Fourteen babies born into homelessness last year, says charity
Homeless charity Depaul Ireland said 14 babies were born into homelessness last year.
At the launch of its annual report yesterday, the charity revealed four babies were also born into homelessness in Northern Ireland in 2016.
Housing Minister Eoghan Murphy declined to appear at the launch yesterday. It was the second time in two days Mr Murphy did not appear at an event to discuss issues surrounding the housing crisis.
Kerry Anthony, CEO of Depaul Ireland, said she would have liked the minister to have attended the launch.
It took place at Depaul's new emergency hostel on Little Britain Street. Ms Anthony said Mr Murphy had been invited two weeks ago.
The event was put in his diary, however, she said he had not confirmed he could definitely attend.
"We would very much have loved Minister Murphy to be here. We would have liked him to have seen Little Britain Street and to hear what we have to say," Ms Anthony told the Irish Independent.
"In fairness, he had never fully committed. They had said it was on his diary list and if he could, he would, and then he wasn't able to."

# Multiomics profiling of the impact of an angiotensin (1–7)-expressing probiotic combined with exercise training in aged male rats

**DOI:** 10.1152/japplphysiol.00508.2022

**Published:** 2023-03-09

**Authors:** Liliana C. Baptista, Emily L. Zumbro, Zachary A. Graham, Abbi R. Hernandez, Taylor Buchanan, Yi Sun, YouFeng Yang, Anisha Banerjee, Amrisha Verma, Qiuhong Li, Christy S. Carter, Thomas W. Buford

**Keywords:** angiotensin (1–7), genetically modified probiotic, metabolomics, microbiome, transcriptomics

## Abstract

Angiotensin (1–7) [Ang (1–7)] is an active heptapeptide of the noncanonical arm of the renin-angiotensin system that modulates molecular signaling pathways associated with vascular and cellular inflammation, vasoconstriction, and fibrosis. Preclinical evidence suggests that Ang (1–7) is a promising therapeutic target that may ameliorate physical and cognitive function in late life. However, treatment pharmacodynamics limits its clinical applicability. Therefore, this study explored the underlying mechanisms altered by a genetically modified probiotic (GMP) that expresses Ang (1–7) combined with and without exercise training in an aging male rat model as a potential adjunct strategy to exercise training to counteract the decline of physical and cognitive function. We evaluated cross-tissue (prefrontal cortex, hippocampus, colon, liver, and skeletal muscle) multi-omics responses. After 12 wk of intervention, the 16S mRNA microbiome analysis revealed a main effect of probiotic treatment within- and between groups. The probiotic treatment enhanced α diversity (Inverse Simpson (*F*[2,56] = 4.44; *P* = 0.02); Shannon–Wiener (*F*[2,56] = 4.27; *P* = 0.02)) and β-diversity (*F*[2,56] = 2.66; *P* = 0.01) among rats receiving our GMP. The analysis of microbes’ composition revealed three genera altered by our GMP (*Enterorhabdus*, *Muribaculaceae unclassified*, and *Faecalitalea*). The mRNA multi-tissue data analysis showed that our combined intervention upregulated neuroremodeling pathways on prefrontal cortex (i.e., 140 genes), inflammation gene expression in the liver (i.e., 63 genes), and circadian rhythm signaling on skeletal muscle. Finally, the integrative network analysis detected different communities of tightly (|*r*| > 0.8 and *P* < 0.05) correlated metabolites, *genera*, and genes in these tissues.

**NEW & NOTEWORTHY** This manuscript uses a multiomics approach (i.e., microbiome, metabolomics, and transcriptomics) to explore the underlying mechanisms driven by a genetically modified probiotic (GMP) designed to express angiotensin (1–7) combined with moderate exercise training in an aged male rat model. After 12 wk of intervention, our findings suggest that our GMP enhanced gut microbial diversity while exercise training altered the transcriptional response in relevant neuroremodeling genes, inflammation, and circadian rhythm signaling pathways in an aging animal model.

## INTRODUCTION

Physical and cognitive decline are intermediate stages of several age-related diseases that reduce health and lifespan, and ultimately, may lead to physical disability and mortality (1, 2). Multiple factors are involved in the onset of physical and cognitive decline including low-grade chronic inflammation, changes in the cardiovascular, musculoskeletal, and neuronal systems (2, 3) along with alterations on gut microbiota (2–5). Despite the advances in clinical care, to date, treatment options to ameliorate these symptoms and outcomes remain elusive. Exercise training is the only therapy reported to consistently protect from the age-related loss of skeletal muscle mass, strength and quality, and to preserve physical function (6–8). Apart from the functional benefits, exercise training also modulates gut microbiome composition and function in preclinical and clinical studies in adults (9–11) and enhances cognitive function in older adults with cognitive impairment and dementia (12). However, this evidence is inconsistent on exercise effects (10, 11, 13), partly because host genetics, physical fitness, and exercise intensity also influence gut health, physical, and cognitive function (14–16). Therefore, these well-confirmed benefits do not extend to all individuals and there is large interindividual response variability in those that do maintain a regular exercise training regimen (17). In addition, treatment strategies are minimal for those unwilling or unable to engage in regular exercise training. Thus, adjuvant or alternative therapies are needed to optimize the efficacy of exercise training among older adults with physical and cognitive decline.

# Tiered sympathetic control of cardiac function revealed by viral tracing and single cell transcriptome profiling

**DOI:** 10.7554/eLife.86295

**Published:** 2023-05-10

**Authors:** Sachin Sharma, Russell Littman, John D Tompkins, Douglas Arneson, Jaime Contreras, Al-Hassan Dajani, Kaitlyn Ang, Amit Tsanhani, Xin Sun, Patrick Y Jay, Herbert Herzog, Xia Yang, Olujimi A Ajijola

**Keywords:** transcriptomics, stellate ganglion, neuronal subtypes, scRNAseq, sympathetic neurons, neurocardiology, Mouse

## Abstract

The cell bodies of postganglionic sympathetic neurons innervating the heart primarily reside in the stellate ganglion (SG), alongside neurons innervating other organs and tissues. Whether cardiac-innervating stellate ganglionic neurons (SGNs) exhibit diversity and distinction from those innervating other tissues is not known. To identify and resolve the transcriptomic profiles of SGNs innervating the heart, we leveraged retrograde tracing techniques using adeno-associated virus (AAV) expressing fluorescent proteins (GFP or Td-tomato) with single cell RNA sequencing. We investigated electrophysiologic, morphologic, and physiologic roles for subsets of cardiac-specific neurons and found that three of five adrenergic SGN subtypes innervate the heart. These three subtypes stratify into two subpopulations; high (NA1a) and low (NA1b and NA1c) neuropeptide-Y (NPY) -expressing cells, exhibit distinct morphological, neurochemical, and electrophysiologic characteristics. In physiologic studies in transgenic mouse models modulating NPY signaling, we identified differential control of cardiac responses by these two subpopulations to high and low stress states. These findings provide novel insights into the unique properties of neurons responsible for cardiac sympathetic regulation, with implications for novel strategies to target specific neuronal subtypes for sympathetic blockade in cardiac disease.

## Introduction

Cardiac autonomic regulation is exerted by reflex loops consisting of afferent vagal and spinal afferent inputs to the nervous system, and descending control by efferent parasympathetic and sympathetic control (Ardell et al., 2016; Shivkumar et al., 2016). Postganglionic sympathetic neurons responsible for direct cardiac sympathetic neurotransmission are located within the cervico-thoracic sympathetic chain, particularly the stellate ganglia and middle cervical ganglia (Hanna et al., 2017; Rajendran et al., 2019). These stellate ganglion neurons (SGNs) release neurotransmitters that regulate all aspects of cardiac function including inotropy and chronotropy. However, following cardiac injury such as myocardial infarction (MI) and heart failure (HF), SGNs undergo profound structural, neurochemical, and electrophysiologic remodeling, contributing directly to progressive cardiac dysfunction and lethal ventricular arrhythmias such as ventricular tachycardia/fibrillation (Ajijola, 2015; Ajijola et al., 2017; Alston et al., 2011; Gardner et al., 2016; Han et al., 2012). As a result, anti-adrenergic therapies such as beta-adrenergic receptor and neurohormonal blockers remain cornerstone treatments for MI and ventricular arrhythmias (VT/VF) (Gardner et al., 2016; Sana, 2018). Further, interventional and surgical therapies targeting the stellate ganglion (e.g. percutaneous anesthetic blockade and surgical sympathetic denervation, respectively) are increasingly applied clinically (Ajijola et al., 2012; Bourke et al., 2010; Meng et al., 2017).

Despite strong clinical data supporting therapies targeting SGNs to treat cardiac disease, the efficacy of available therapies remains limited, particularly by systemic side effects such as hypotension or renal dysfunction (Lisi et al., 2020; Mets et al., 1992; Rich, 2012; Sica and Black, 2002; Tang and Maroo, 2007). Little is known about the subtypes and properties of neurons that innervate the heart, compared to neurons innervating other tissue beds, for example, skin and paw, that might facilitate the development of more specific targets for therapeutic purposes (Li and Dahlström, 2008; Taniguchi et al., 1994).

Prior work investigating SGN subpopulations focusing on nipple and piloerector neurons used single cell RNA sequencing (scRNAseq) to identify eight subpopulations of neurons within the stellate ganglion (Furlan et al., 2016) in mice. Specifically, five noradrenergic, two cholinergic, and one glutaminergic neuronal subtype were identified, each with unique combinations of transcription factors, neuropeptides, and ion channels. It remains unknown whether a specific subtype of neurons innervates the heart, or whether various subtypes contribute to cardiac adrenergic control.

She acknowledged that the minister had a busy schedule and that was why he was unable to attend.
A spokesperson for the minister said he would have liked to have attended, but because of demands on his time, it wasn't possible.
"We will give full consideration to the annual report," he said.
Mr Murphy angered members of Dublin City Council when he did not turn up to discuss the crisis at the council's monthly meeting on Monday, despite an invitation to do so. Councillor Christy Burke said the minister was showing "contempt" for the council.
Responding to the anger, a statement from the minister said an invitation was extended through Fine Gael councillor Paddy McCartan.
It said Mr Murphy had no problem with meeting the council and was prepared to do so. It added that the actions at the council were "using a crisis for political purposes".
The Depaul report said that in 2016, it supported 3,620 people at risk of homelessness and opened the 65-bed facility on Little Britain Street.